I like old things, and things made like old things. And I guess that means old timers too. Back when I was a young pup, nothing suited me more than spending time listening to old hunters or woodsmen. They had seen so much and lived in exciting times. Now there aren’t many of them left.
A couple of Christmas’s ago I was given a L. L. Bean waxed cotton rucksack. It brings me great joy just to see it hanging on a hook in my office. It looks like it should have been made in 1912, not 2012. I know the same exact one, made out of modern synthetic materials, weighs half the amount, but it wouldn’t look or feel the same. I’ll carry the extra weight.
And I love an old Marble’s brass compass, even if I do have trouble reading it, pinned on my vest. It’s just too close there. It needs to be pinned on my wrist for me to focus on it, but we know how well that would work out.
I don’t own any plastic boats, but a couple of wood canoes, a wood duck boot, and a wood Rangeley guide boat. In my shop sits my grandfather’s canoe, with its canvas stripped off and waiting for restoration. That was built in 1906, when he was fifteen years old. Show me a fifteen year old that can do that today. I still have both of the paddles he made. It’s amazing how a hundred plus years of drying can lighten a spruce paddle.
Up at Camp Grouse, we have an old pack basket hanging on the wall. It’s great for hauling things on canoe trips, not that we take many, but it looks super hanging there. Once a year I turn it upside down to dump out the dead flies.
I do have an old cane fly rod, but seldom use it. It is in mint condition, but I’m spoiled by the quicker action of graphite rods. The traditional New England fly patterns, like the Parmachene Bell, Gray Ghost, and Edson tigers, fascinate me, and I use them periodically, but catch little. Another old New England fly, the Black Ghost, serves me well though.
Most of my guns were made a long time ago. The only new ones are both doubles, which is, of course, a long time proven type. There’s a couple of old pumps and even an early Model 1100, but, other than for deer hunting, none of them come out of the safe often.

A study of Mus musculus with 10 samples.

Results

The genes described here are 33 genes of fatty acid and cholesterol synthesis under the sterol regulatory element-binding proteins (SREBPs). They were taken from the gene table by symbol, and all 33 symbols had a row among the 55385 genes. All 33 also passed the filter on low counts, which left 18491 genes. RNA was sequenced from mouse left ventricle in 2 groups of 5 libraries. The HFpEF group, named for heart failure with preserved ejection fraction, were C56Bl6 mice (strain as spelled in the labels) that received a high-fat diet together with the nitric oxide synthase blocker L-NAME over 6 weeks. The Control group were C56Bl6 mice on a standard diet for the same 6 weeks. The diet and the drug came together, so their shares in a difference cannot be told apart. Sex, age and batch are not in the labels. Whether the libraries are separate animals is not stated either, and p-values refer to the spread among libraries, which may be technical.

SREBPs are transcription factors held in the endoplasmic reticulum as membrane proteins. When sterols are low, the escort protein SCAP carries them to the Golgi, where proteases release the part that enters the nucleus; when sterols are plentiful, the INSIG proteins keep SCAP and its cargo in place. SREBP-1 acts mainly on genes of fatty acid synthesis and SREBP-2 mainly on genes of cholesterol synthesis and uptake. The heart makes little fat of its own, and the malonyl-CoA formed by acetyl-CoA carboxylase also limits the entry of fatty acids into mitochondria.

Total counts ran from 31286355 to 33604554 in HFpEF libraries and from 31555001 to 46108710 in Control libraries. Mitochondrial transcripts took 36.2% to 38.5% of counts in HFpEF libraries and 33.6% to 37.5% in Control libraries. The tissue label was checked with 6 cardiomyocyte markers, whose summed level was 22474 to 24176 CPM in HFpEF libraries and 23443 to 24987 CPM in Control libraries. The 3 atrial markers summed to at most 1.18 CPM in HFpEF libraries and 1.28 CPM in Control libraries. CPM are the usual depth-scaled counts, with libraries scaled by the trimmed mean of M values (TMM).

The first gun I ever bought was an old Ithaca side by side, and the next gun an even older Parker. That Parker, born in 1902, still sits in my safe. Every once in a while I take it out and wonder at the stories it might tell. I know there’s a few that involve me.
The last firearm purchased was an old Savage Model 99, in 250 Savage, a time tested rifle that shoots an almost forgotten cartridge. It is a pleasure to just look at it and also enjoyable to fire, with very little recoil. I’m too old to get beat up by repeated punching in the shoulder.
I own Gor-tex lined clothing, but all of my favorite coats are waxed cotton or wool. Slipping on any one of them, I can feel the adventure starting. Filson waxed brush pants are the best in my book. But I will admit, Gor-tex lined leather boots are one of the greatest inventions of all time.
There’s only one old grouse hunter that I see with some regularity. He isn’t doing too well and his days in the woods are done. Usually I hear the same stories over again, but the details are jumbled and not always the same. I can see the twinkle in his eye though, as he remembers the good parts, and he’s always asking how the birds are. There is still lots to learn from his tales.
As we become the old timers, and there is more time spent tending our gear than actually using it, there had better be a whole repertoire of stories in our heads. Every year there seems to be a young hunter or two coming long, and they all expect to hear a few.